It’s the end of February and across the country we are in the grips of amber and yellow weather warnings due to SNOW! We thought it would be helpful to provide you with a reminder on how best to deal with staffing issues when there are adverse weather conditions which might prevent staff from getting to work.
1. You should consider and have regard to the health & safety of your employees in circumstances were adverse weather conditions may make it difficult for them to get to work or get home. The guidance is that employers should be wary of ignoring employees’ health & safety concerns in relation to adverse weather conditions.
2. Remember employees have a right to take time off to facilitate care arrangements for dependents. If schools/nurseries are closed an employee may have to take time off to care for children. Such time off is unpaid unless you have a policy that provides otherwise or you are going to pay staff generally who cannot get into work because of the snow.
3. Consider whether employees can work from home. If so plan ahead and issue this as an instruction.
4. If you have multiple sites, consider if working at one of your other sites might be more accessible as an option.
5. Consider offering employees the opportunity to take the absence as paid annual leave. Please note that you cannot force them to take the time as annual leave unless you have complied with the necessary notice provision under the Working Time Regulations and obtained their written consent – email communications will meet these criteria.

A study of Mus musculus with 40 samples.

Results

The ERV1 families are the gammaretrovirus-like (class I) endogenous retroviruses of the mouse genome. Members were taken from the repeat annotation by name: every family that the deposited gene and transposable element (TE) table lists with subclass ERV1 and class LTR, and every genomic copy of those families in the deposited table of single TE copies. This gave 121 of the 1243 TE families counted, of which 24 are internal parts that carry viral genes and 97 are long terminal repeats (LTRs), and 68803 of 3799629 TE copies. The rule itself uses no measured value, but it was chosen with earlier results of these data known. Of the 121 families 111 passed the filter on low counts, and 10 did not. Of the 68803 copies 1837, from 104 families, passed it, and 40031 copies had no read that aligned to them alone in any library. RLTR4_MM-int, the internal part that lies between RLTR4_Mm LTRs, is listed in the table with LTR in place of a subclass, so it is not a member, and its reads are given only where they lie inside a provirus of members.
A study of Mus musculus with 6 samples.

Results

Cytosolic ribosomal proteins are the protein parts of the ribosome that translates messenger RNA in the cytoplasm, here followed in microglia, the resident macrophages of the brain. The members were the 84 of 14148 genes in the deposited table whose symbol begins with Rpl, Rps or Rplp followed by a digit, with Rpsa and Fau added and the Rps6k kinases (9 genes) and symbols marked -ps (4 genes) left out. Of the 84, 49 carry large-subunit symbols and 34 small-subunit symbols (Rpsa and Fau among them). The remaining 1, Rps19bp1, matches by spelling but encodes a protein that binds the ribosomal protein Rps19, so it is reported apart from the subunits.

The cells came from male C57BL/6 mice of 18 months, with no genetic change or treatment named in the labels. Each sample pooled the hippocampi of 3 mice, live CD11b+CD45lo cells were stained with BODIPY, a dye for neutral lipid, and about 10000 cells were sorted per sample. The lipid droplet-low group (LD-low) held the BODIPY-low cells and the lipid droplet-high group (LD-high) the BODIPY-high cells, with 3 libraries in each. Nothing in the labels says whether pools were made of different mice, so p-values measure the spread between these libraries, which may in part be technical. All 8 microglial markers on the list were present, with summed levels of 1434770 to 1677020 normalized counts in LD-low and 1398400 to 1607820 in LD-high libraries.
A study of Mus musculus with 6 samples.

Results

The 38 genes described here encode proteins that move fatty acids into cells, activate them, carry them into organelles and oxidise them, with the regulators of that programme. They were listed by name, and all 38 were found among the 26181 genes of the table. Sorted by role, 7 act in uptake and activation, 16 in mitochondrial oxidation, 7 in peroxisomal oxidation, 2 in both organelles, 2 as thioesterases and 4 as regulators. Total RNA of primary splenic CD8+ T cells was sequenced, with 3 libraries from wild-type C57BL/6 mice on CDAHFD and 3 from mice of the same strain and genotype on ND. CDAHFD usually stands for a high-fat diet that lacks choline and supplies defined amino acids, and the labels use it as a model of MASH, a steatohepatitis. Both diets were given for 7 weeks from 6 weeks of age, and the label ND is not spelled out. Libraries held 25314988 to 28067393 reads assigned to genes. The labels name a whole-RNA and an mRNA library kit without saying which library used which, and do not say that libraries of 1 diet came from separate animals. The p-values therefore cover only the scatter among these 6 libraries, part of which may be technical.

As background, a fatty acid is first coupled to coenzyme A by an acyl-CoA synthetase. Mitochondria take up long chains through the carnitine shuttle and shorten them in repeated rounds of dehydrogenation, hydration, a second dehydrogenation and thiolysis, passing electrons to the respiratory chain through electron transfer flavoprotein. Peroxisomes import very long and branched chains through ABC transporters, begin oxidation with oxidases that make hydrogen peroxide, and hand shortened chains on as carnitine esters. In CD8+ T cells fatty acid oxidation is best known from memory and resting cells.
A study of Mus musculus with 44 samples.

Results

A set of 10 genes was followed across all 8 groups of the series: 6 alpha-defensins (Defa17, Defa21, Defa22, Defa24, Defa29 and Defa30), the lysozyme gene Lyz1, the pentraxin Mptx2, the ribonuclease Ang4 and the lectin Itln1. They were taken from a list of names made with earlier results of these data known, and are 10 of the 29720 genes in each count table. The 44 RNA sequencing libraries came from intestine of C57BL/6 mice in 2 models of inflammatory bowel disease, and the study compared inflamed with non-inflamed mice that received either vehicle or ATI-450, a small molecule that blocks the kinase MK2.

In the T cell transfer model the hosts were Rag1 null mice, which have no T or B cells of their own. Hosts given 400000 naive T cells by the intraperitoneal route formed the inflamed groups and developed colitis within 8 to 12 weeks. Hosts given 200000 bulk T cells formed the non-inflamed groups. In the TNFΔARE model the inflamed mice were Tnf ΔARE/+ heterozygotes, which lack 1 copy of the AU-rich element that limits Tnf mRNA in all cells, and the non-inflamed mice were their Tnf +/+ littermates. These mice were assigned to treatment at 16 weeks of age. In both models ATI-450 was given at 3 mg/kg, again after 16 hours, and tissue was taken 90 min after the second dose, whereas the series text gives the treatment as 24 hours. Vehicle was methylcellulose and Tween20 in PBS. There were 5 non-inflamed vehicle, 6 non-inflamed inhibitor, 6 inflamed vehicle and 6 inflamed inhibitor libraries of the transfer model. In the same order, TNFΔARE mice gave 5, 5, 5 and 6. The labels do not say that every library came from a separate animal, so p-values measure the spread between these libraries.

6. If employees do not want to take annual leave or unpaid leave consider asking if they will make up the lost hours on other days. Alternatively if the period of absence could be for several days, consider giving a limited amount of time for paid leave (perhaps 1- 2 days), after which employees must either take unpaid leave, make up the lost hours, or agree to count it against their paid annual leave entitlement.
7. Decide whether your employees will be paid if they cannot make it to work and ensure you apply your decision consistently. Take legal advice first if you are going to deduct pay from staff that have not been able to work. This is not a straightforward decision! Consider the bad PR aspect / harm to morale of deducting pay if that is your decision.
Give a member of the team a call if you want to discuss this further.